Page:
Jessie James Decker is the latest to be mom-shamed for allegedly sun tanning her kid and the internet, which is obviously not happy about it, is making their hate loud and clear.
People came out swinging against the 30-year-old gorgeous singer because of her child, the latest to receive criticism from the scrutinizing public. The reason? Well, Decker posted a photo of her 4-year-old daughter Vivianne Rose eating an apple. Nothing unusual, it seems and at first.
"Tan bunny," Decker captioned the photo.
Plain as day, the child looked tan as far as the photo is concerned and the caption was just the final confirmation. That post immediately drew flak basically for how the mother has let her daughter get a sun tan, and of course, everyone exploded and became experts.
"Children shouldn't be tanning. Skin cancer is never a good look," one user commented, though Yahoo Lifestyle noted, though it has since been deleted.
A lot echoed this sentiment, citing the long term effect of a sunburn, but many supporters rushed to Decker's side and defended her for the unwarranted comments the celebrity has received all because of the photo. Some laid out their own experiences with their children, while some attacked the naysayers. Others, meanwhile, just left the hate and opted to notice something obvious, that the child is nothing short of beautiful, tanned or not.
Is Sun Tanning Safe For Kids?
However, the better question here is, is sun tanning safe for kids? Centers for Disease Control and Prevention noted that serious sunburns can present increased risk of skin cancer that may come at a later age.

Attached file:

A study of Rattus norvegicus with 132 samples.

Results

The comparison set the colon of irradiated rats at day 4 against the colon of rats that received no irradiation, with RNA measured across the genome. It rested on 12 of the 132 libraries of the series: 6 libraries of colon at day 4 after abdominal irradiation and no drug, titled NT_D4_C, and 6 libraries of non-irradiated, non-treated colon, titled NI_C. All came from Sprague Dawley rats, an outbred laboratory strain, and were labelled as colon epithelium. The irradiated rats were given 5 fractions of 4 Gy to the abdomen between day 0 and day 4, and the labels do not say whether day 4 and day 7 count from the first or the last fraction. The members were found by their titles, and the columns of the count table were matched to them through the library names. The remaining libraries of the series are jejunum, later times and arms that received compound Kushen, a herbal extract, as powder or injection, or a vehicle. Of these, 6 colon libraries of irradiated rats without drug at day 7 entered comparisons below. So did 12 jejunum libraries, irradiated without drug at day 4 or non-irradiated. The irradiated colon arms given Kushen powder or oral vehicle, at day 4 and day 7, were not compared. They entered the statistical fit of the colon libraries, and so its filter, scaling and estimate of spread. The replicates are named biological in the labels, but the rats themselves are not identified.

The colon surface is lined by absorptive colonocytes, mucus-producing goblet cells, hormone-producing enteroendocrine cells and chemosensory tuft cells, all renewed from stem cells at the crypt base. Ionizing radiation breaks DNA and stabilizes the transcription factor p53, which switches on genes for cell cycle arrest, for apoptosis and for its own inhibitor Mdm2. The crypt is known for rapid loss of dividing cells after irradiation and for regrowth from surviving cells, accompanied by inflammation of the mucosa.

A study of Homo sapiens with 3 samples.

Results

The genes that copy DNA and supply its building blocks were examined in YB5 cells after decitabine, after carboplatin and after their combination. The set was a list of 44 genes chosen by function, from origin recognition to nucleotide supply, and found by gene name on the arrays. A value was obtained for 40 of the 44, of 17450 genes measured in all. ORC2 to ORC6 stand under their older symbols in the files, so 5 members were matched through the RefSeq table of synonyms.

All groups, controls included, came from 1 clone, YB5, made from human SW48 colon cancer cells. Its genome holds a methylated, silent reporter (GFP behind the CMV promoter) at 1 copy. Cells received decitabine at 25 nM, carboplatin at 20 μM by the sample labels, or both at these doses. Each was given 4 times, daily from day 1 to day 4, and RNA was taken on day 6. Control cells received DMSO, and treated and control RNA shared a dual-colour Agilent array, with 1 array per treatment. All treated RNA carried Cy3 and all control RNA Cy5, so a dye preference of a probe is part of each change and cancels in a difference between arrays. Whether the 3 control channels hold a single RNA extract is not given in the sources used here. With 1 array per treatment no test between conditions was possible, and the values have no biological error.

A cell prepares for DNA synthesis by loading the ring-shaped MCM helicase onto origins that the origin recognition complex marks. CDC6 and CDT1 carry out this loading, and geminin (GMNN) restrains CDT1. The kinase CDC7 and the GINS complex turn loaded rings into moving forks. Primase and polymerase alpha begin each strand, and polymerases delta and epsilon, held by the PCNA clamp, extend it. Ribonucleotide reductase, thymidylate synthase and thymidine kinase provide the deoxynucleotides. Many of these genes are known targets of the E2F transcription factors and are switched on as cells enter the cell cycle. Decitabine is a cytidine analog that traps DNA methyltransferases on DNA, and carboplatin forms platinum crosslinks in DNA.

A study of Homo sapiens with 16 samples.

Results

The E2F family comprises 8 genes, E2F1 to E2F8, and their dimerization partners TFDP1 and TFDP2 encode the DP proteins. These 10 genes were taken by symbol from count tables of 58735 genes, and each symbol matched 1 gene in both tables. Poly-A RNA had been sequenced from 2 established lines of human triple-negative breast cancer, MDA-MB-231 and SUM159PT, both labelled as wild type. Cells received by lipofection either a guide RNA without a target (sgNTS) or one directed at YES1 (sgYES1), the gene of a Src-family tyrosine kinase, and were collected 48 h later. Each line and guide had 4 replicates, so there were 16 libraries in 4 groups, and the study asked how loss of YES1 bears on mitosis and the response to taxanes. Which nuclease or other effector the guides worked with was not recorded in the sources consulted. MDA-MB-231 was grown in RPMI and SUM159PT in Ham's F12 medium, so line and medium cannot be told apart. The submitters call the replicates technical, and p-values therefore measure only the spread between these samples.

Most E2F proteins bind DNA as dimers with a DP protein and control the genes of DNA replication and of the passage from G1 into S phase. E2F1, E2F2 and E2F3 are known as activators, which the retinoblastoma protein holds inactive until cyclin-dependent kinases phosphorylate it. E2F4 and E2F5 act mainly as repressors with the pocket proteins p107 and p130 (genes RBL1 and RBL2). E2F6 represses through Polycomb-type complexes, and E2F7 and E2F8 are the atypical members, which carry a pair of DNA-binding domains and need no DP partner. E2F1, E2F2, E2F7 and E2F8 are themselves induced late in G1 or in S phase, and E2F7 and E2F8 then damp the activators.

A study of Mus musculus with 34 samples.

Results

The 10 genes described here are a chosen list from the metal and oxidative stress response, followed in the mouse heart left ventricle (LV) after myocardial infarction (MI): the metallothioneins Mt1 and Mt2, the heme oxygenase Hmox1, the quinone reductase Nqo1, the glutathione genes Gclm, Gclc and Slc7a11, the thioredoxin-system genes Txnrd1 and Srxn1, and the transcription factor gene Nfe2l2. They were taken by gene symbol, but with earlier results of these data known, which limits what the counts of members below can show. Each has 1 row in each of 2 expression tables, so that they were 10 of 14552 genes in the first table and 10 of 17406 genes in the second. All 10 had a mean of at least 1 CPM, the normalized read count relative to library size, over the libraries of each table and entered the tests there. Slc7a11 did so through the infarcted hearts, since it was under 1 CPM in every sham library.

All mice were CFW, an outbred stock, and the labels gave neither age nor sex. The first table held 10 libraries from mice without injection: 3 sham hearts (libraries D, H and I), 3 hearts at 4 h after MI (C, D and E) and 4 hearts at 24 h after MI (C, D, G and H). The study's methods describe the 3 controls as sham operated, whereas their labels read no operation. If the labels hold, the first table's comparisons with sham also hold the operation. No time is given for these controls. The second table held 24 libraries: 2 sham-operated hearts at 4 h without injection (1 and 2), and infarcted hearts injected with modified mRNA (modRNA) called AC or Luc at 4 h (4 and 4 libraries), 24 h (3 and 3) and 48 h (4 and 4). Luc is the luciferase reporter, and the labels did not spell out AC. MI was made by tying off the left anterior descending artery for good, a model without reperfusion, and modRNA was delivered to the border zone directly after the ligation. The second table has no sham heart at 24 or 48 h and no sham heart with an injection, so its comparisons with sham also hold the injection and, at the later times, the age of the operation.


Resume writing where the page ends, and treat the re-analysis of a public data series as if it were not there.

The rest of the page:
"There's no other way to say it—tanning your skin is damaging skin. Any change in the color of your child's skin after time outside—whether sunburn or suntan—indicates damage from UV rays," CDC pointed out, and that's the answer to this hullabaloo.
A child that has been exposed to harmful ultraviolet rays from the sun for a long time doesn't only mean higher risk for skin cancer, it could also be a cause for eye damage, skin damage, and immune system suppression. CDC suggests using long-sleeved shirts, hats, and glasses, and strongly advised the use of sunscreen.
On Decker's case, it is unclear if she had applied sunscreen on the child, but she might have done so during what looked like a vacation of the whole family. But as a mother to be a receiving end of such a huge backlash is harsh, especially that she is the mother and not everybody else. Speaking of mom-shaming, there have been other more ridiculous reasons celebrity mothers have been slammed. Kylie Jenner, for one, drew ire for having long nails.